Here at Daily Mayo, every now and then I like to talk about writing tips. Today’s post is all about common grammar mistakes everyone makes.
Everyone makes grammar mistakes. Even writers with decades of experience and even professional editors still make grammar mistakes. You can study grammar all your life and still not get the hang of everything simply because not only is English grammar crazy, but much of it is subjective. Still, there are common grammar mistakes everyone makes based on the standard grammar rules. I’ve struggled with some of these grammar mistakes myself, and I bet many of you have, too!
You probably won’t be surprised by this, but my husband and I have gotten into heated arguments over several of these grammar mistakes everyone makes. Why? Mainly because we’re both always right. 🙂
10 Common Grammar Mistakes Everyone Makes
This one should be easy, but it isn’t. I think of it like this:
Someone is good.
Something is well.
You are a good person, you did that well. This may not always work out, but it usually does, so I go with it.
Commonly, I hear people use “I” when they ought to say “me.” For eaxmple, you would say “I went to the store,” so you would say, “George and I went to the store.” But you would never say “George threw a rock at I,” so you should also never say “George through rocks at Sharon and I.”
When you are the subject use “I.” When you are the object, use “me.”
Empty words are basically the bread of language. They fill up space, they are easy to use, but they are basically worthless. I am guilty of this and so are a lot of writers. In casual speech, empty words are allowed, but they drag down the quality of formal writing. Try to avoid these common empty words:
- There are
My husband and I have almost come to blows on this one, but it turns out he was right (sigh).
Bring means to draw something closer to you, while take means to move it away from you. You would say, “George is taking me to the movies,” and George would say, “Make sure you bring money because I am not paying.”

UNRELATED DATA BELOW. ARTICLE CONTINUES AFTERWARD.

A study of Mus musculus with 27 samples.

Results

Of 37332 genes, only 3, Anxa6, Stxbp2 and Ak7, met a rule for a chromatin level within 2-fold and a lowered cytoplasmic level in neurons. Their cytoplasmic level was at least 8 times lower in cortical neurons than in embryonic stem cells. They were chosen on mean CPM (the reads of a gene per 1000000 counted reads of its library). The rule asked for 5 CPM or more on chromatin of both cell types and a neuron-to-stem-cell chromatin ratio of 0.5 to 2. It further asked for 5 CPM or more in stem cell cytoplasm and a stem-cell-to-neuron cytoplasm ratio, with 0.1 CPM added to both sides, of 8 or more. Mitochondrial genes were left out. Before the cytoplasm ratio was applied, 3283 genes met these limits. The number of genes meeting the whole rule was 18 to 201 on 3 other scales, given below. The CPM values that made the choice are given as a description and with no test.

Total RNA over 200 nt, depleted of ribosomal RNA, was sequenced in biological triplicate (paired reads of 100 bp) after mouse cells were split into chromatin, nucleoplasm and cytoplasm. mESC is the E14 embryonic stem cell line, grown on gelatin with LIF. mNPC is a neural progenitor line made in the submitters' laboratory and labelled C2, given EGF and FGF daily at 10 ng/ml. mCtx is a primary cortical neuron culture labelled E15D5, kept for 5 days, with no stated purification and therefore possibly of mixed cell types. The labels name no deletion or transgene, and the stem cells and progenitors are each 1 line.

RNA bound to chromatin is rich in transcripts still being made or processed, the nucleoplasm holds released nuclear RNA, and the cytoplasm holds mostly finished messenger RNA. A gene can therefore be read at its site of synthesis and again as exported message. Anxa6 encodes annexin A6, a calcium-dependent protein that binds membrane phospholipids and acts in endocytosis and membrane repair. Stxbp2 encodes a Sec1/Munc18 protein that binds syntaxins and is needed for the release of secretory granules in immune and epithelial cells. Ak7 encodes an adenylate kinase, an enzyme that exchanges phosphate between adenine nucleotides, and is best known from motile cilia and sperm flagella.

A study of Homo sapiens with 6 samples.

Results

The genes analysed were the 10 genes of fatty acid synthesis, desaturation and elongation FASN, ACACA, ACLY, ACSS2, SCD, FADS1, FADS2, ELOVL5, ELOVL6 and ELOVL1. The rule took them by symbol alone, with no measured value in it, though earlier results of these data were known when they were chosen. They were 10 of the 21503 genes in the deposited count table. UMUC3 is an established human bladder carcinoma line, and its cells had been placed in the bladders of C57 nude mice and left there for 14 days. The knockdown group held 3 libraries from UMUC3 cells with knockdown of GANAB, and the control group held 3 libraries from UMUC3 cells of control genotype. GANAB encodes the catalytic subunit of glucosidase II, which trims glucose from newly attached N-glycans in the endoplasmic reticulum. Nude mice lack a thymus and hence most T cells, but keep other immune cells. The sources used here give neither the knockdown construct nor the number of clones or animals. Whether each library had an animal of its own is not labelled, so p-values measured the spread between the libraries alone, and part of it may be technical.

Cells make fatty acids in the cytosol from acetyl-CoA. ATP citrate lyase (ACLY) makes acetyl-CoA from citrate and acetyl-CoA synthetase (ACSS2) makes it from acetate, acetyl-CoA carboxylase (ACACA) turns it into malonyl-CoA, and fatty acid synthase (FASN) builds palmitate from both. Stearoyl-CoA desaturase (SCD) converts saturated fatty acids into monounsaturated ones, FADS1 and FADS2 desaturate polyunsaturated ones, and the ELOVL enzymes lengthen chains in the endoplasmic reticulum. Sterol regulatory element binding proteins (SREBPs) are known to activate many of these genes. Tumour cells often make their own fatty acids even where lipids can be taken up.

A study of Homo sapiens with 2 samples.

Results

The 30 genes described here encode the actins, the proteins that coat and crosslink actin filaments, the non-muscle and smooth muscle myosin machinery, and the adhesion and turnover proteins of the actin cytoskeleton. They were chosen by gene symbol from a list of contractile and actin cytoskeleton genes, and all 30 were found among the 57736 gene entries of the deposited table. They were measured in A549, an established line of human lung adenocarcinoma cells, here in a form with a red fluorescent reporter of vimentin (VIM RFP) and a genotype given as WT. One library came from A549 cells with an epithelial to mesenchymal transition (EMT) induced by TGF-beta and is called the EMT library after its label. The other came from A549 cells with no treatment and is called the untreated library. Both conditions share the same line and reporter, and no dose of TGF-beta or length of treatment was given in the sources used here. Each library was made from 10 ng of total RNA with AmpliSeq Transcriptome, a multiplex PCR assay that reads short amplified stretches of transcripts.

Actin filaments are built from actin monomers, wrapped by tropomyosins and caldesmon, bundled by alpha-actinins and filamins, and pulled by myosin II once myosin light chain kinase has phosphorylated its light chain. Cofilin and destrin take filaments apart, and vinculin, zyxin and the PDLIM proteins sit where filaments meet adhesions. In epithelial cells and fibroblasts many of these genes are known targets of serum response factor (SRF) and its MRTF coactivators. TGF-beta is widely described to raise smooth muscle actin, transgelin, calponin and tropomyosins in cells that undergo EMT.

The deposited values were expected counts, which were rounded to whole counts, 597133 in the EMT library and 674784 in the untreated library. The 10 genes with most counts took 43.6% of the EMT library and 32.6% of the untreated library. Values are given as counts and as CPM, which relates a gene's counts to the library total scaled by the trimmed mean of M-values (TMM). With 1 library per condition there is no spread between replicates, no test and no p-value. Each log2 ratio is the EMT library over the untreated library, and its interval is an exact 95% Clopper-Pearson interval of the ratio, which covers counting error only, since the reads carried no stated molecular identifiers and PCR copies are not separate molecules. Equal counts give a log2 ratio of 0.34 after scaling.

Which and that are easy to mix up. “That” is restrictive and “which” is relative. So, you would say, “I only eat foods that are made from chocolate,” or “Do you like fish? I recommend salmon which has many beneficial nutrients.”
This is actually a new one for me. Nauseous actually means that you make other people sick- kind of like noxious means a fowl odor. So, if you do feel sick, you feel nauseated. If you are nauseous, you should probably shower. Because that’s just gross.
This is a common grammar error when writers make a comparison, but to nothing. The writer might say, “Our hot dogs taste better!” And of course you are left questioning, “better than what?” This is often used in marketing- I’m assuming so you can fill in the comparison with whatever you want, but it is still wrong.
So, always make sure you complete the comparison. “Our hot dogs taste better than dog poop,” for example.
Guess what? There is no such word as “alot.” It is actually two words. A and lot. I like you a lot or a little. Never alot.
This is another nearly violent argument I’ve had with my husband. Which spouse was right in this debate?
Into is a phrase that indicates movement “She stepped into the shallow stream.” In to can be used in more places and usually ties in with other parts of the sentence (such as infinitive verbs like “to eat”). So, basically, you can use into whenever the phrase indicates movement and does not tie in with other parts of the sentence.
Sadly, I think my husband was also right on this one, so perhaps the wrong spouse is an editor.
I usually see this in bot writing, but students will also do it to inflate their word counts. These are the sentences that you will see that use words that are absolutely meaningless.
Here are some superfluous phrases that make me cringe:
- On account of the fact that
- In that period of time
- The fact of the matter is
- A large proportion of
- In conjunction with
- For all intents and purposes
Cheers to your better grammar future.
What grammar mistakes do you hate the most?